Dental assistants know that even if you love your career, not every day is the best. While there’s no shortage of truly great moments in dental assisting, sometimes not-so-great moments also come along — involving difficult patients or even downright squeamishness.
Below, we spotlight stories about some extreme messes that have complicated a dental assistant’s day. Have you had any similar experiences in the dental office? (Like wishing you would have brought your umbrella to work?!)
Read on below, and then share your story if you can relate!
Dental assistants are used to accommodating patient requests to help make their dental visit better. But sometimes, you’re asked to do something unexpected, like babysit. This can be frustrating if you don’t have the time — or can even bring about some problems if you’re unprepared for the task.
“Usually, being asked to watch a patient’s child is not a big deal — but if you are short-staffed, it could be,” says Le Ann S. “One time, we were watching an infant in their car seat at the front desk, and the baby had a dirty diaper. Unfortunately, the parent hadn’t brought a clean diaper along — so it was a stinky mess!”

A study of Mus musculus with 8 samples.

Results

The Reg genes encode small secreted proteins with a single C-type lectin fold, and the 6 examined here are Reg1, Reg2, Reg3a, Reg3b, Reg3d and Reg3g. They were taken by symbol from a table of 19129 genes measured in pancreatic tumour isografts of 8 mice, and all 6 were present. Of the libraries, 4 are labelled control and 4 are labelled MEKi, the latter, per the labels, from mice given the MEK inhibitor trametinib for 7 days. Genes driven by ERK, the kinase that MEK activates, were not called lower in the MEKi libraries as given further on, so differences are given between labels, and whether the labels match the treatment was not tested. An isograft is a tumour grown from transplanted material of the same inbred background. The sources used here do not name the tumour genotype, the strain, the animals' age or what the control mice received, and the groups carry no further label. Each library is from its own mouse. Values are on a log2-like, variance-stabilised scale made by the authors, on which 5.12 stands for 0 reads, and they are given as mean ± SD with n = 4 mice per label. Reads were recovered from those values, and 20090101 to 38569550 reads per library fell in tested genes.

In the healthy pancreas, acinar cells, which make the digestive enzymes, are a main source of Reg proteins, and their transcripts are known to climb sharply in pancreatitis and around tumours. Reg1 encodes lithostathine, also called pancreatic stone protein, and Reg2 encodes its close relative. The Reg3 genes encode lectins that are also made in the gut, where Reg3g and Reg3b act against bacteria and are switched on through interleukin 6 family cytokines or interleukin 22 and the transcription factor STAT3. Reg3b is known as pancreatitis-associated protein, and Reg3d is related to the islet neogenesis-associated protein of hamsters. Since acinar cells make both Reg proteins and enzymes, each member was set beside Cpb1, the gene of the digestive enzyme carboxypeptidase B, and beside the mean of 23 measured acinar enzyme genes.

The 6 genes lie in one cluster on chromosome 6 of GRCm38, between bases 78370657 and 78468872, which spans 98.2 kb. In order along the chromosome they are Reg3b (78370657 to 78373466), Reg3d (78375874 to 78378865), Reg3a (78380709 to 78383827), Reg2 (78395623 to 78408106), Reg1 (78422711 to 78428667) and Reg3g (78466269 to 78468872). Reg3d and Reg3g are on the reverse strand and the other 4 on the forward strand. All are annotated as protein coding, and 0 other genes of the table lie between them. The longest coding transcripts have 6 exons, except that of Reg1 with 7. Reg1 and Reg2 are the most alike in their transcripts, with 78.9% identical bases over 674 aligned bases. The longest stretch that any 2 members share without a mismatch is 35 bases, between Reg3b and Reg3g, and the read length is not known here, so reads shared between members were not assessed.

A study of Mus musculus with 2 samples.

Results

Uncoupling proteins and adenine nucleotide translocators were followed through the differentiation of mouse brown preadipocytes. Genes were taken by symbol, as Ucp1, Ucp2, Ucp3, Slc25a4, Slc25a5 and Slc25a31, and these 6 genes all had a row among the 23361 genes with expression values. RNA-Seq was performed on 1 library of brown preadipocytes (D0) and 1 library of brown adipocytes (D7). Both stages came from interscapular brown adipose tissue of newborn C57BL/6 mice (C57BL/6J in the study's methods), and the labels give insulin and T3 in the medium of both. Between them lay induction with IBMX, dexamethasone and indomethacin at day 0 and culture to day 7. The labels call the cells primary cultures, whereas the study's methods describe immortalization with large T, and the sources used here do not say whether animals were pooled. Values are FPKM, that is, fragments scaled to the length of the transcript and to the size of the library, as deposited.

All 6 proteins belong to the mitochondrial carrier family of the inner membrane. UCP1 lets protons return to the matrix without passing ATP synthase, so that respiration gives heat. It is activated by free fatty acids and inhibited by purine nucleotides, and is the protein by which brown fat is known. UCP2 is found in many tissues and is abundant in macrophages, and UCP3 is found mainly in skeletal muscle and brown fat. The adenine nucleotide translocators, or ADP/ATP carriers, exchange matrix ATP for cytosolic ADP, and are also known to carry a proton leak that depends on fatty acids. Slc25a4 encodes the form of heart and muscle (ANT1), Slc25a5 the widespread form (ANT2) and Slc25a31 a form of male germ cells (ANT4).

For the most part, dental assistants are used to fielding the unexpected throughout the workday. After all, you’ve seen it all in the dental office. For many assistants, nothing really surprises or phases you — and you typically don’t become squeamish at the sight of a dental procedure and everything that comes with it.
Inevitably, though, a moment comes along when you’re eager to excuse yourself from the treatment room. Krysten H. shares one example: “We had a patient who broke his denture. When he opened his denture cup, I about lost it. He was using it as a spit container for his chew, along with the intended use! I had to step out of the room when I started dry heaving!”
Janet C. had a similar experience. “A patient had figured out how to keep her upper denture in with a piece of bologna. The smell cleared out the entire office!”
While some workdays are messy, others bring showers. For example, Melanie H., CDA, once found herself soaked on the job, thanks to an overzealous young patient.
“I had given a young patient a rinse with the air-water syringe and, while going to put it back in its holder, accidentally squirted her arm with water,” Melanie explains.
“The patient said she was going to get me back. I thought she was joking, but she proceeded to pick up the syringe and just hosed me down! By the time I got it away from her, my whole scrub top was drenched. It was the middle of a bitter-cold winter, so I had to go on my lunch break freezing!”
You know what they say about bad days — when it rains, it pours!
Have you ever had a messy moment in dental assisting? Tell us about it.